Starring: Michael Pare, Nancy Allen, Bobby Di Cicco, Eric Christmas
Rated PG (probably for Action/Violence)
"The Philadelphia Experiment" is a genre movie, and that's fine. It's an adventure/romance with everything you'd expect and not much more. It's effective, but it doesn't have anything to make it stand out. There's nothing here that hasn't been done before in other, better movies. Man, have I been writing a lot recently.
According to conspiracy theorists, the Philadelphia Experiment was a top secret project done by the US Navy to try and render a ship, the USS Eldridge, invisible. The whole thing was classified, and according to some accounts, it was abandoned after horrible side effects on the sailors, such as mental disorders and being fused to bulkheads. Or turned inside out. Naturally, the whole thing is considered a hoax, but that hasn't stopped Hollywood from turning it into a movie.
David Herdeg (Pare) is a sailor on the USS Eldridge with his best friend, Jim Parker (di Cicco). The Navy is conducting said experiment, and the two are tasked with making sure the machine is running smoothly. But something goes wrong and soon everything is going crazy. The two jump ship to escape the fallout and end up stranded in the desert. Little do they realize that it's 1984. The only one who is willing to help them is a girl named Allison (Allen).
The story is pure formula. I wouldn't mind that it's pure formula if it were good formula. But it's not. The script is half-baked, the direction pedestrian, and the special effects downright cheesy. Granted, it was made in 1984, but so was "Indiana Jones and the Temple of Doom" (with only an additional $4 million in its budget.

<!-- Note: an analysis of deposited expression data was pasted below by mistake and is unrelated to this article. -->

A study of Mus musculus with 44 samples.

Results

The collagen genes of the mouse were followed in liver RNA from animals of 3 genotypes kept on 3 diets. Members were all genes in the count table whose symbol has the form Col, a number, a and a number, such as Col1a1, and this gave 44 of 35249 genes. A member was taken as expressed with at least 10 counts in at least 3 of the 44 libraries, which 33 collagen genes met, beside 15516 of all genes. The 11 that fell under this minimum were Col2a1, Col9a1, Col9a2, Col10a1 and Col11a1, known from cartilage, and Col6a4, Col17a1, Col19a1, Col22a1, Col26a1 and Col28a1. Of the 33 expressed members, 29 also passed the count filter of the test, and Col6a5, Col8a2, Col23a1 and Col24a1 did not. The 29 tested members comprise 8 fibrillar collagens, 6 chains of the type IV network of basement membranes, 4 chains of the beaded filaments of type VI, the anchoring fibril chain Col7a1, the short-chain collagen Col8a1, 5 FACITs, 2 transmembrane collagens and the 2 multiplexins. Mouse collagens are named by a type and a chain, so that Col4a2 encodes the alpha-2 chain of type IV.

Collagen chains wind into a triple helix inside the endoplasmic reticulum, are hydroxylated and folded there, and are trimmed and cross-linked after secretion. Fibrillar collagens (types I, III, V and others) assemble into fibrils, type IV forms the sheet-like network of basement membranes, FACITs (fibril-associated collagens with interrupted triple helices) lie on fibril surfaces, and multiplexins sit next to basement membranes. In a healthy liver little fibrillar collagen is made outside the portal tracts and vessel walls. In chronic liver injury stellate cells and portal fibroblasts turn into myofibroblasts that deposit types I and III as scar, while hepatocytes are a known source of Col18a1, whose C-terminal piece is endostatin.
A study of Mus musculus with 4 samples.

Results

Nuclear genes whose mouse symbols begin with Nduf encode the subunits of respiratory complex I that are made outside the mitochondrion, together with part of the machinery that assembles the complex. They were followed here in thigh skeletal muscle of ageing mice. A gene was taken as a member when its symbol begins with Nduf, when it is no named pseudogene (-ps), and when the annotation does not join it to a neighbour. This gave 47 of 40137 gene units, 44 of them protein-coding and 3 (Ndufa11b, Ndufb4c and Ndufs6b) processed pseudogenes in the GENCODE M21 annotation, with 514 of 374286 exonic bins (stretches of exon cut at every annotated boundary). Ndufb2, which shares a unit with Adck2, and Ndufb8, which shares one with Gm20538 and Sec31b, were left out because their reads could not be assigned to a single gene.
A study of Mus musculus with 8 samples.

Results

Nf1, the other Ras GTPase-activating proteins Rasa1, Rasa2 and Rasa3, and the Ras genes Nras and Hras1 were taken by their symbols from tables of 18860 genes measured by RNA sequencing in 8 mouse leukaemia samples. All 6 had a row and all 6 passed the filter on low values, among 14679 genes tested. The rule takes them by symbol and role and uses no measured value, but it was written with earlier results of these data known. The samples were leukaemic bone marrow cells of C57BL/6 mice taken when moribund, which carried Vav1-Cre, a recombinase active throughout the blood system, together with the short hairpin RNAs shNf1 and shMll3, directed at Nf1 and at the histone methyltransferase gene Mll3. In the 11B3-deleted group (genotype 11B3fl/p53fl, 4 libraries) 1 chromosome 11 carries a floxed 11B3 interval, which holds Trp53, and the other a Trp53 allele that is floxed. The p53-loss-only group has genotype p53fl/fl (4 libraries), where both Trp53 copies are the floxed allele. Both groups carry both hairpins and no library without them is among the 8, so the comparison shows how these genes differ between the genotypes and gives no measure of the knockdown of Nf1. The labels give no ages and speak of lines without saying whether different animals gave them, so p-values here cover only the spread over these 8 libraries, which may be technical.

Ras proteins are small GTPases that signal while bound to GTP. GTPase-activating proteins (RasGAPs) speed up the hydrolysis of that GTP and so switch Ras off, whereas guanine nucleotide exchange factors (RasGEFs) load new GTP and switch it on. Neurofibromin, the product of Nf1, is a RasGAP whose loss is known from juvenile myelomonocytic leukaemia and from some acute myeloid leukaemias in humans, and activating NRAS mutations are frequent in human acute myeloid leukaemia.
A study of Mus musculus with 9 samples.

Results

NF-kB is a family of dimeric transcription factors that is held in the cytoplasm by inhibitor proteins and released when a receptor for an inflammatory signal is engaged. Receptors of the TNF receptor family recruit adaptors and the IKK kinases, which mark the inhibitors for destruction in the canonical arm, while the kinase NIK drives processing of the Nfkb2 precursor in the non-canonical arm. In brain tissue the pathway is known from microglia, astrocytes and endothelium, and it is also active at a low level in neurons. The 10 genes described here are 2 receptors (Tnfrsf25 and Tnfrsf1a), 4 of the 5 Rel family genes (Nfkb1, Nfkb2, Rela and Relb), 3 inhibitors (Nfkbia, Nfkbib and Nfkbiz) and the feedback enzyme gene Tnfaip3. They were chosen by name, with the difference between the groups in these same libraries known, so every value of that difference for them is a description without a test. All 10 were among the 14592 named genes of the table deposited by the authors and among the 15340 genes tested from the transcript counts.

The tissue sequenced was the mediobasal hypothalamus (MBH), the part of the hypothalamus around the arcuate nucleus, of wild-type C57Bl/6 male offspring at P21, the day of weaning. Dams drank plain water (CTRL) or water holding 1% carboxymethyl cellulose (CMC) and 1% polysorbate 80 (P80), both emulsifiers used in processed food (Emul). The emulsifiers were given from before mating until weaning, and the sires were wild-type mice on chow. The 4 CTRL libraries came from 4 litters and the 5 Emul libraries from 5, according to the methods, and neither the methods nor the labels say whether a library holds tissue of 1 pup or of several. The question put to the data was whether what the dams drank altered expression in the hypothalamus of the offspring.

"The Philadelphia Experiment" is less "Twilight Zone" and more fish-out-of-water romance. I got the sense that after the premise, the filmmakers were too callous or too cowardly to do anything of interest with it. If it's any consolation, it's that Michael Pare and Nancy Allen "click." It's nothing like Rick and Ilsa or Jack and Rose, but the embers of romance are there. Both give adequate, but not standout performances, and since they're essentially the only ones on screen for more than a few minutes at a time, that's a good thing.
This isn't a good or bad movie. It is what it is, and while the chase sequences are brainless, at least one of them is well-executed. Such are the joys of this movie, I guess. Better leave it to Saturday morning TV.